Eating white rice is known to cause a sudden spike in blood sugar because it converts rapidly to sugar. This effect could lead to people overeating, thus getting exposed to Type Two diabetes, writes Dr KIZITO LUBANO
The researchers found that after follow-up periods that ranged from four to 22 years, that almost 13,400 people had Type Two diabetes. People who ate the most rice were more than 1.5 times likely to have diabetes than people who ate the least amount of rice.
What’s more, for every 5.5 ounce serving of white rice — a large bowl — a person ate each day, the risk rose ten per cent.
Statistics indicate that Kenya has over two million adults and 25,000 children living with diabetes. Reports indicate that lack of knowledge, low level of awareness; negative attitudes and poor dietary practices have led to the upsurge of the disease in the region.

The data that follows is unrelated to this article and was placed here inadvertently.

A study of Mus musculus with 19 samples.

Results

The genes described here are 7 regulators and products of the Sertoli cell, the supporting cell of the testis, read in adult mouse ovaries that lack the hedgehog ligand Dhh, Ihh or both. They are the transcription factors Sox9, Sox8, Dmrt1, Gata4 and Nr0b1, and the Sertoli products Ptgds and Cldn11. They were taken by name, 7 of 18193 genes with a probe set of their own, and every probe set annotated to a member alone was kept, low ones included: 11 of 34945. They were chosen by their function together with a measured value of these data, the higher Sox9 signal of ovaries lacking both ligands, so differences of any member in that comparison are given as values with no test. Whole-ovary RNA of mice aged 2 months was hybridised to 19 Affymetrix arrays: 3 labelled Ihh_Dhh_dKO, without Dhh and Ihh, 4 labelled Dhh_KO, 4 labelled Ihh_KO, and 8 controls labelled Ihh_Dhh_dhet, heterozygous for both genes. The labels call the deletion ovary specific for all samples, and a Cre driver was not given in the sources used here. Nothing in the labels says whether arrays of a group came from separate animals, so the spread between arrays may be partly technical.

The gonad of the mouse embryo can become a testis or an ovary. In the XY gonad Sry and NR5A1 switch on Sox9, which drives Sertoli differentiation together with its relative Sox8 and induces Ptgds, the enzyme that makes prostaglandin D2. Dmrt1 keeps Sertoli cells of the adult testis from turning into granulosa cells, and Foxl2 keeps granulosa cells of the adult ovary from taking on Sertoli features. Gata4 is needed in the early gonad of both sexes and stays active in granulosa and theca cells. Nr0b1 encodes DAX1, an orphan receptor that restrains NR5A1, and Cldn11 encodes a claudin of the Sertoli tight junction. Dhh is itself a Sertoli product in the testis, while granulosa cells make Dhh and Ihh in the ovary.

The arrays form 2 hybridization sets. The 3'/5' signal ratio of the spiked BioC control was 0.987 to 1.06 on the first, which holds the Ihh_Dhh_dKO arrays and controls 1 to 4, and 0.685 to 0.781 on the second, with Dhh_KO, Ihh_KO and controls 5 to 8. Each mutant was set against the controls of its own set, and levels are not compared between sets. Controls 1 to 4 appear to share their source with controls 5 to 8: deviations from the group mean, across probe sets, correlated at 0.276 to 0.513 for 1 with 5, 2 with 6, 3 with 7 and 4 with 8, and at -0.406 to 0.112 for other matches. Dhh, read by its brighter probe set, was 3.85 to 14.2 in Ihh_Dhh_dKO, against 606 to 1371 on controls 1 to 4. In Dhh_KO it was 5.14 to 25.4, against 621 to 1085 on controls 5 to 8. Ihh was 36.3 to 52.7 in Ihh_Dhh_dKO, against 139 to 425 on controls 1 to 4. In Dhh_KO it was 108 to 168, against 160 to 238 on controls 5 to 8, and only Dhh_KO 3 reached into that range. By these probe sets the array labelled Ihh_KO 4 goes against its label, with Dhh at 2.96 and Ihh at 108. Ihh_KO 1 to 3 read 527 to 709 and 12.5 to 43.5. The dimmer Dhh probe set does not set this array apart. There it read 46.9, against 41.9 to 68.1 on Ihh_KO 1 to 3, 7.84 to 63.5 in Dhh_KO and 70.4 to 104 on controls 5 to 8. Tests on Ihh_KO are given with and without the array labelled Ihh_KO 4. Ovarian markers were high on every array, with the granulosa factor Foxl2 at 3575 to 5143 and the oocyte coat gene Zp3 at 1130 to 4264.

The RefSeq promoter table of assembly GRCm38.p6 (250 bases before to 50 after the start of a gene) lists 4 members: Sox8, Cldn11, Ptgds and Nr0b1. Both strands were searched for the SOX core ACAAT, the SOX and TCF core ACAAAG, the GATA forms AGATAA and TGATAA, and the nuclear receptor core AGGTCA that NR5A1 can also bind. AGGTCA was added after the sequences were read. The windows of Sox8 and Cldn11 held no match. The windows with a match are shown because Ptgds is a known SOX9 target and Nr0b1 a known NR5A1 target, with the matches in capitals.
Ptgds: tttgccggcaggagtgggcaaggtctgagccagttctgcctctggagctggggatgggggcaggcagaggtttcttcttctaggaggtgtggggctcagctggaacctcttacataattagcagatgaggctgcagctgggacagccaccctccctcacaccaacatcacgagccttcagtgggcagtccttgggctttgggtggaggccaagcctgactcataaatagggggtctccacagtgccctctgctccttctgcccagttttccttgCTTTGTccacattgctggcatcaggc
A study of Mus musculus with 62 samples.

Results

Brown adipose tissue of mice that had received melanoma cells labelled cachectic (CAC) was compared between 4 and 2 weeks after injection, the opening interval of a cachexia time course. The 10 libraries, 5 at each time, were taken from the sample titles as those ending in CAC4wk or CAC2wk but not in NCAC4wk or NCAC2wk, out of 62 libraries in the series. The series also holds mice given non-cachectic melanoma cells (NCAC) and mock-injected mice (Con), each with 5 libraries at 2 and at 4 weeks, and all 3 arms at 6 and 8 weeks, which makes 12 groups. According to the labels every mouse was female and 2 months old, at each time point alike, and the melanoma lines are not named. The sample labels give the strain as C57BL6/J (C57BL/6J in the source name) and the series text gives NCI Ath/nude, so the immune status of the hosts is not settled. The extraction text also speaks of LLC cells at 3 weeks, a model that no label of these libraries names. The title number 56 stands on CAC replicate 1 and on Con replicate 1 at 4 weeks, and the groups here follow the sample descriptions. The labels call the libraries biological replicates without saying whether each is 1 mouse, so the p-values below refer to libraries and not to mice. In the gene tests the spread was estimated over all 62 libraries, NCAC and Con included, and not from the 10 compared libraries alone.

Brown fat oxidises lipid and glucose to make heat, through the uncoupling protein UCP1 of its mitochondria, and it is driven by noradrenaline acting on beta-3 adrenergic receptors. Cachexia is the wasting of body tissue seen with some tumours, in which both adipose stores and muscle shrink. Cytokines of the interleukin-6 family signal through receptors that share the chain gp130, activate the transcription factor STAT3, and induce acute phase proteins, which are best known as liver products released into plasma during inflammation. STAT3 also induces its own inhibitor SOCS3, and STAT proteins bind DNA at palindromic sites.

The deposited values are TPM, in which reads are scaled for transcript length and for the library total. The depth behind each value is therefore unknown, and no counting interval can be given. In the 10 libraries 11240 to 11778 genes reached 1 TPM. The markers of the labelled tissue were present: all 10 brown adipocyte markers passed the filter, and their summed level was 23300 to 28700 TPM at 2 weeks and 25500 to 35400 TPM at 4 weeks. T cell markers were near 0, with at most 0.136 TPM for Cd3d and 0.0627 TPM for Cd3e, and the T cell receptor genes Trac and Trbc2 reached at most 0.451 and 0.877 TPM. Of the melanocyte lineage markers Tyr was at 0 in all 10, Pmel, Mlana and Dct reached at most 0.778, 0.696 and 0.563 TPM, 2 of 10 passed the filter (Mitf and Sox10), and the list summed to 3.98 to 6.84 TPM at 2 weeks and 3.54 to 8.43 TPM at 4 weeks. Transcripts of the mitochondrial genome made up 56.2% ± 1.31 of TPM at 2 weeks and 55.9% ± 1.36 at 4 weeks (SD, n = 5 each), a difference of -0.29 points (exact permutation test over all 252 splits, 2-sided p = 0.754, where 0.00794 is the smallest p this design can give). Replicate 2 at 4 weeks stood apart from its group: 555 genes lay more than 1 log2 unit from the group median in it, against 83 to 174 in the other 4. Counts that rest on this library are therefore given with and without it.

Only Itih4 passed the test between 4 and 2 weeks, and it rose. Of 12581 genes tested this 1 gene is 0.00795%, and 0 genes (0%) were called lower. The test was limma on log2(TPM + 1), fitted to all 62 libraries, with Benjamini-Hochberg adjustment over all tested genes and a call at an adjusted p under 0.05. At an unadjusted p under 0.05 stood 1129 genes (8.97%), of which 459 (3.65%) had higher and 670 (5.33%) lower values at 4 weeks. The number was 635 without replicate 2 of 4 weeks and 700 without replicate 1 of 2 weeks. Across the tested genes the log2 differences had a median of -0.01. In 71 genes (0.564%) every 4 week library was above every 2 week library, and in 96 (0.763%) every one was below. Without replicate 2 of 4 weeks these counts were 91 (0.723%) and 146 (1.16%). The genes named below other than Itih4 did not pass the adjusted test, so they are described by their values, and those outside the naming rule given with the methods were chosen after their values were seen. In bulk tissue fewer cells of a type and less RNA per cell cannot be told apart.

Health experts say the coastal region, where rice is considered a staple food, has the highest number of new diabetes cases. At least five new cases are reported weekly at the Coast General Hospital (CGH) in Mombasa.
This figure, which translates to 3,000 new diagnoses every year, does not include statistics drawn from other towns in the vast province. In Coast province, there is perhaps a larger consumption of white rice (pilau) and other sweetened refined foods such as halua, combined with a sedentary lifestyle.
Globally, three billion people depend on rice for over half of their daily calorie intake. This is more than half the world’s population, who have made white rice a dietary staple. In local shops and supermarkets, 95 per cent of rice sold is the white variety, rather than the healthier brown.
While all types of rice are a good source of energy, white rice (polished or milled rice) contains a limited amount of micronutrients. It only has a dietary source of potassium, magnesium, and calcium, as well as copper, iron, molybdenum, manganese, zinc and geranylgeranoic acid.